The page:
As marketing gimmicks go, releasing an official “available in retail stores everywhere” mixtape before your new album comes out is not a bad idea. People who might turn up their nose at ordering a CD-R in a slimline case from some shady online merchant can’t say the same about a professionally packaged and printed CD in a full-sized gem case. Jim Jones decided to make the offer even more enticing though – each copy of “Pray IV Reign The Mixtape” comes with a coupon to get $3 off the purchase of his new CD when it’s released on March 24th. That’s all good in theory until one returns from the record store with “The Mixtape” in hand and realizes that it cost $5.99 + tax.
YOU SPENT OVER $6 JUST TO GET $3 BACK ON A BRAND NEW ALBUM.
Somewhere a corporate executive at Columbia Records has an evil grin on his face and is rubbing his hands together menacingly, knowing this “mixtape” cost less than 25 cents to manufacture. For this writer it’s an even odder purchase considering I’m not the type of devoted Jim Jones fan to happily throw away $3. In fact the best thing I can say about Mr. Jones is that I find him tolerable. He’s the average New York street hustler MC with about one witty line per song (or less) that rises just above the line of mediocrity thanks to good production, a relatively clean flow and catchy hooks. It didn’t hurt that Jones was affiliated with The Diplomats either, given there are so many mediocre rappers in that crew that even an average rapper sounds good by comparison. It’s worth noting though that “Pray IV Reign The Mixtape” makes no mention of the DipSet whatsoever – no logos, no shoutouts, no URL links, nada.
The closest thing left to what used to be the DipSet may be Jones’ Byrd Gang affiliates, several of whom appear on “Pray IV Reign The Mixtape.” You can find NOE and Rell on “Shorty,” NOE and Chink Santana on “Medicine,” Mel Matrix and Sandman on “My Life” and Chink Santana and NOE on “My Life.” If you recognize those names you’re probably pleased, but if you haven’t kept up on the DipSet drama you may be wondering where Cam’Ron and Juelz Santana are. Sorry to disappoint you faithful reader but they’re not on this mixtape nor are they likely to be on one with Jim Jones any time soon (or vice versa). Jones says there are no hard feelings but it’s still pretty clear from this short 9 track CD he’s more interested in the welfare of his own crew than of anybody else’s.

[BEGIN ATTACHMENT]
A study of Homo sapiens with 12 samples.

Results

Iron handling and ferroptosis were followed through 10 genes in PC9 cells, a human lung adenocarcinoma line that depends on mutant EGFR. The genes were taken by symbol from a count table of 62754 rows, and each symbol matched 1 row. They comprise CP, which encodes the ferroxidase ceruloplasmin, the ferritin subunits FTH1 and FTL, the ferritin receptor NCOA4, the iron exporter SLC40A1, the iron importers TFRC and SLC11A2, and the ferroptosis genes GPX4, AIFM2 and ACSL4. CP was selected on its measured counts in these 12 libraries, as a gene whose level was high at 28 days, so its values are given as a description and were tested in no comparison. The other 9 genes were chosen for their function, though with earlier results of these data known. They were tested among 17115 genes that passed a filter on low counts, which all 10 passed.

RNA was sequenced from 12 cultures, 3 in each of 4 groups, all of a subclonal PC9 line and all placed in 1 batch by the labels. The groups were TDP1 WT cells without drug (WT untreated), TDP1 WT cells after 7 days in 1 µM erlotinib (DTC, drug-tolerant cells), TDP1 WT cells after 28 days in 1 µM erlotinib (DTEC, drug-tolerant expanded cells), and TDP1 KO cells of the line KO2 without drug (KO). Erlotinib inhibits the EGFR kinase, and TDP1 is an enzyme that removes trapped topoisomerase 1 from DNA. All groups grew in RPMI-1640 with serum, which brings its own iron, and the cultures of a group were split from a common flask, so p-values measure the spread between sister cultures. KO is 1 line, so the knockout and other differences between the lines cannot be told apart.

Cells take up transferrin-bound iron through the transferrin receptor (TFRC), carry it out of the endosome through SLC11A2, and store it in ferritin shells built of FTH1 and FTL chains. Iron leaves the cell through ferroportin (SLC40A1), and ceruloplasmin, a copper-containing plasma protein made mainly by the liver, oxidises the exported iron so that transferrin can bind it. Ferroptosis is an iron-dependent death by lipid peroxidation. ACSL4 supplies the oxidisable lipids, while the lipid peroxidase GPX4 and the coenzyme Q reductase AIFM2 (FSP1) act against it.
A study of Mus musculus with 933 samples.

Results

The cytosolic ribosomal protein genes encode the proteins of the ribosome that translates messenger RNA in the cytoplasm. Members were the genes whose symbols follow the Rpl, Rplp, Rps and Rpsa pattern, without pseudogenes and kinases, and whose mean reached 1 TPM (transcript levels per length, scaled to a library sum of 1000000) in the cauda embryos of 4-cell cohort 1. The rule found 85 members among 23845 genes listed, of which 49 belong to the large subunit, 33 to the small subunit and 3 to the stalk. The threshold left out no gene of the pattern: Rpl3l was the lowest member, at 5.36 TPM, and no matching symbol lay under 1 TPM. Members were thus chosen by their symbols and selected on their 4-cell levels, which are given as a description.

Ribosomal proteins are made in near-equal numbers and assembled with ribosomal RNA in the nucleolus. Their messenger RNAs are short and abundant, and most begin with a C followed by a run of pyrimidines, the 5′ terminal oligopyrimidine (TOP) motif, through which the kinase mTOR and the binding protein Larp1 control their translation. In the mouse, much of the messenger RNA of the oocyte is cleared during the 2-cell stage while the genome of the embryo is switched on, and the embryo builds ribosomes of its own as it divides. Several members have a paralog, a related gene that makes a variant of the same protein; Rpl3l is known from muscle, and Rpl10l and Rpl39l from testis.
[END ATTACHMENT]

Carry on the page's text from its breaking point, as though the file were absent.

Oddly this may work in Jones favor, because if the DipSet were a fairly mediocre crew, the Byrd Gang are outright banal by comparison. Let’s just break it down mathematically: Juelz Santana > Chink Santana. Chink Santana != Juelz Santana. Jones seems like an even bigger star compared to his new crew than he did compared to his old crew. His lyrics are not mind-blowing on “Trippin” featuring Laylee but they’re the tolerable level of hustler rapping from Jim Jones we’ve all come to expect.
“Never slippin, they know my street religion
Kill ’em or keep ’em alive was my deepest decision
To my G’s up in prison, I feel your pain dearly
Push it to the limit ’til they kill me
Realism’s the drama, if niggaz come and embalm me
If you saw me laid flat would you pay ’em back like it’s karma?
Would my death be revenged by the, bestest of friends?
Or would these niggaz just make t-shirts for the rest of my friends?”
I can’t say Jim, you’ll have to let the Byrd Gang answer that question for you. “Shorty” is an acceptable slow-riding track with an R&B; smooth backdrop. “Medicine” has a menacing backdrop that seems to borrow a bit from the Dirty South, while the graphic sexual nature of the song would impress even Luther Campbell. “Uptown” featuring Rell would be the crossover joint of this CD, if in fact any of these songs could blow up and crossover less than two weeks before Jones’ drops a full length new album. Here’s the curious part about “Pray IV Reign The Mixtape” though. As the CD doesn’t come with full-fledged liner notes, there’s a message inside directing you to JimJonesOfficial.com if you want to know who produced what. If you attempt to do just that the “Credits” section of the website actually lists credits for the REAL “Pray IV Reign” that hasn’t even hit stores. What’s even more curious is that none of the songs on “Pray IV Reign The Mixtape” appear to be on the full-length CD or vice versa.
In the end if you are a Jim Jones fan paying $6 + tax for “Pray IV Reign The Mixtape” may not be such a bad deal after all – no song repeats and $3 off his full-length. It makes you wonder why they even called it a “Mixtape” at all though. There’s no DJ doing shoutouts before, after or between songs. There’s no unnecessary repeats or doubling up of the first minute of a track. For all intents and purposes this seems to be nine songs that didn’t make the cut for “Pray IV Reign” and that’s the most curious part of all – most of these 9 songs are decent. Does that mean that what’s on “Pray IV Reign” is actually vastly superior by comparison? We’ll know soon enough.